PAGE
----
E.ON explores use of gas networks to decarbonise heating sector


The study was conducted in partnership with municipal utility Stadtwerke Essen.

Data generated from a digital twin developed by DigiKoo was used by E.ON and the city of Essen to model different future heat supply scenarios.

Some five different scenarios were investigated by the project and they include:

  • A gradual switch to green gas in the existing natural gas grid

The study found that switching to green gas using existing infrastructure will put less pressure, financially, on both consumers and utilities.

The option will also allow urban areas to meet climate targets as efficiently as possible.

The digital twin allows the major, overarching climate protection goals to be broken down regionally – down to each individual building. This helps municipalities to find the right strategies for cutting carbon emissions and to implement them together with their citizens.

  • Further densification of district heating
  • The use of direct electric space heating as well as hybrid heat pumps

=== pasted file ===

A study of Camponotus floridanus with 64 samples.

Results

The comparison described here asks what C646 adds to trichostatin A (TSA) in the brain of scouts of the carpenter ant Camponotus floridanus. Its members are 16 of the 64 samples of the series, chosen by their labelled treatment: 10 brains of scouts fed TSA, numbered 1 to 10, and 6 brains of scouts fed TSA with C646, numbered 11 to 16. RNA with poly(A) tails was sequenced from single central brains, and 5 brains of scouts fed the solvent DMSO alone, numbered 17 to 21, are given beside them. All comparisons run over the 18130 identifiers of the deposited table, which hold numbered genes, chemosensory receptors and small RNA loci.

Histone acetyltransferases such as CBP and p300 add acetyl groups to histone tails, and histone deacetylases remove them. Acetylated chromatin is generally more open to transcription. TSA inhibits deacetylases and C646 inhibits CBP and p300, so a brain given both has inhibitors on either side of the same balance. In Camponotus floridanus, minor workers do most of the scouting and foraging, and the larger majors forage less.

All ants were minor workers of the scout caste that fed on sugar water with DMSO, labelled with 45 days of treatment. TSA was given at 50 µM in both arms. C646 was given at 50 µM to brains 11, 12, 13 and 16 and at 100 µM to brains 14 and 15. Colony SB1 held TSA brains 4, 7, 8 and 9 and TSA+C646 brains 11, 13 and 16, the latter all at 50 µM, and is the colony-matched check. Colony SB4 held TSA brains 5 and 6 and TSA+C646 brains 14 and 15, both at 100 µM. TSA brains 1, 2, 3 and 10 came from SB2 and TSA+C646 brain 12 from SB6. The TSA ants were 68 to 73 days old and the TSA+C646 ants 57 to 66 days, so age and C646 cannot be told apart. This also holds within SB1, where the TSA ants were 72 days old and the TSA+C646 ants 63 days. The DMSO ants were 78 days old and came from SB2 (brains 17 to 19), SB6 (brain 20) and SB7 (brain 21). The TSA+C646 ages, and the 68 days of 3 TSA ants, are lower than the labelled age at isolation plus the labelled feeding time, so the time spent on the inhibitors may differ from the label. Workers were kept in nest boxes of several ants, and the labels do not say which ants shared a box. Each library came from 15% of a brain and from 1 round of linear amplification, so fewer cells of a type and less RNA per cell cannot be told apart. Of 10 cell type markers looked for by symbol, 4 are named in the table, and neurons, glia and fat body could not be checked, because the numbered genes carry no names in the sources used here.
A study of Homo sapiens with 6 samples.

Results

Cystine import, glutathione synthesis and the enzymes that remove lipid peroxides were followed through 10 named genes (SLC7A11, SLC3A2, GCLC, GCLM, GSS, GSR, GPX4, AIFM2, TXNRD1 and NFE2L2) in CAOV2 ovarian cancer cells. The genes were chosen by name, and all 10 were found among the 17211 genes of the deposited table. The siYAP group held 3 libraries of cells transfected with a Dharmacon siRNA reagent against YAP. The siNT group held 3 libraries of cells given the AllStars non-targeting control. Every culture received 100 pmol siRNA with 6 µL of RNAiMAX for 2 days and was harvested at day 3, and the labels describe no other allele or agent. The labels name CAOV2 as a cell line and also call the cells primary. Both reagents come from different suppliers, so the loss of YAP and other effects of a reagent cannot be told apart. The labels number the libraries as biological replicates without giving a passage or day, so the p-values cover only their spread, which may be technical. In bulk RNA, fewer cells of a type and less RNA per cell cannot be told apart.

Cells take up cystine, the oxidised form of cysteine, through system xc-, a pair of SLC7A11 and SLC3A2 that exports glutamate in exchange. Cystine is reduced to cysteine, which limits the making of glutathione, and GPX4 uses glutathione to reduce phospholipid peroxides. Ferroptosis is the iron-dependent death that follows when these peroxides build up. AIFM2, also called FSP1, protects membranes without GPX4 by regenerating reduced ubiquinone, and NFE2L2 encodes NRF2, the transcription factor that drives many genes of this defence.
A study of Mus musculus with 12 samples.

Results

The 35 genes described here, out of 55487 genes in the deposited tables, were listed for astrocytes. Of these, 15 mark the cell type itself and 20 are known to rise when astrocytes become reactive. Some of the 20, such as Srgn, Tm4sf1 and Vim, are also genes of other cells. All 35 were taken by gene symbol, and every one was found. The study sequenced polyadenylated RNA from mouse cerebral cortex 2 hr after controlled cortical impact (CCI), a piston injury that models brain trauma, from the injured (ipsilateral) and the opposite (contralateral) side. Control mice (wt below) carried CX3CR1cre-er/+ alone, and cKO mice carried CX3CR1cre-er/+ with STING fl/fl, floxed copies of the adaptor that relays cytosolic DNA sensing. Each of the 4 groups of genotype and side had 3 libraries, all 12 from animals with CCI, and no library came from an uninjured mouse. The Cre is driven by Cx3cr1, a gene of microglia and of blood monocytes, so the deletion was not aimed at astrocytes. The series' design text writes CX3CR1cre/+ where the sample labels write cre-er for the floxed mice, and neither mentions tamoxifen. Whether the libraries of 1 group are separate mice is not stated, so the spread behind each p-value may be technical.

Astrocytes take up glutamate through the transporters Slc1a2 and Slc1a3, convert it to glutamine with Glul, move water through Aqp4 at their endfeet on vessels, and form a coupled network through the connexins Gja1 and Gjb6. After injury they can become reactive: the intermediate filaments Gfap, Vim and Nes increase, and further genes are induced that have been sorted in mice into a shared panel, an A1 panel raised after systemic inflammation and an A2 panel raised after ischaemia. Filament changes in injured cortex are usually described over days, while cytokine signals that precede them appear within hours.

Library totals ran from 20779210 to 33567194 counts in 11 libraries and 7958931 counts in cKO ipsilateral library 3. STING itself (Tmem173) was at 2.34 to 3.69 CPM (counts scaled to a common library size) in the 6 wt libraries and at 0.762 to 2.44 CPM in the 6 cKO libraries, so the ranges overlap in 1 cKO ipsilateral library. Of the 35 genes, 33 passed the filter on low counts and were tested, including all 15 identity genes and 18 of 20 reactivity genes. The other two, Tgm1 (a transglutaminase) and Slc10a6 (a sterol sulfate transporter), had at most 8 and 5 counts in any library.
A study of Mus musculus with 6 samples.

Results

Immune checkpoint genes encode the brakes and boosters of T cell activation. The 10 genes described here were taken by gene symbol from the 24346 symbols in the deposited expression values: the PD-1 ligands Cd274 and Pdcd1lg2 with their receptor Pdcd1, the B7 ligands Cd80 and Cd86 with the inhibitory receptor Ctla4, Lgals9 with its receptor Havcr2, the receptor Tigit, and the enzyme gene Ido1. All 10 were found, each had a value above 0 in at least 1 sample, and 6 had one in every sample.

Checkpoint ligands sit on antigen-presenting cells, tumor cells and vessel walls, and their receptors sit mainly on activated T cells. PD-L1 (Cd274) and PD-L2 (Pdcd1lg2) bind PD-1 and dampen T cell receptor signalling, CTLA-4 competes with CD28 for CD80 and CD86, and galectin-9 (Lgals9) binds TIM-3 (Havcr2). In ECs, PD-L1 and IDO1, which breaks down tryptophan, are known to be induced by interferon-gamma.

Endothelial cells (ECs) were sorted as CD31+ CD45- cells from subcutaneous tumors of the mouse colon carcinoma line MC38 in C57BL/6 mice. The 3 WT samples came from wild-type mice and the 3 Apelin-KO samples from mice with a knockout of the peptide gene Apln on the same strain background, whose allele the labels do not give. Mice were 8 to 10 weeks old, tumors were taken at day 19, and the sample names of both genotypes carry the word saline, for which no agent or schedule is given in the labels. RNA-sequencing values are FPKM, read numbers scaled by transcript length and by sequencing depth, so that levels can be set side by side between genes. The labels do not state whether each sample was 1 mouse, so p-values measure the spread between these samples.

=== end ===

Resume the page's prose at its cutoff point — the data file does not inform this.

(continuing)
The results for Essen in all scenarios show that a solution entirely without gas is not realistic and, in many cases, will shift the costs of the energy transition to low-income neighbourhoods, whose residents would be forced to shoulder excessive financial burdens as a result.

E.ON board member Leonhard Birnbaum, said: “We can only meet our climate targets if we manage to significantly reduce our carbon footprint in the heating sector.

“Using the existing gas networks for this purpose is not only the most socially acceptable, but also the most economical solution because it avoids costly refurbishments and hence rent increases. We want to gradually integrate green gases into the energy system which requires an appropriate political framework, for example in the form of a quota for climate-neutral gases.”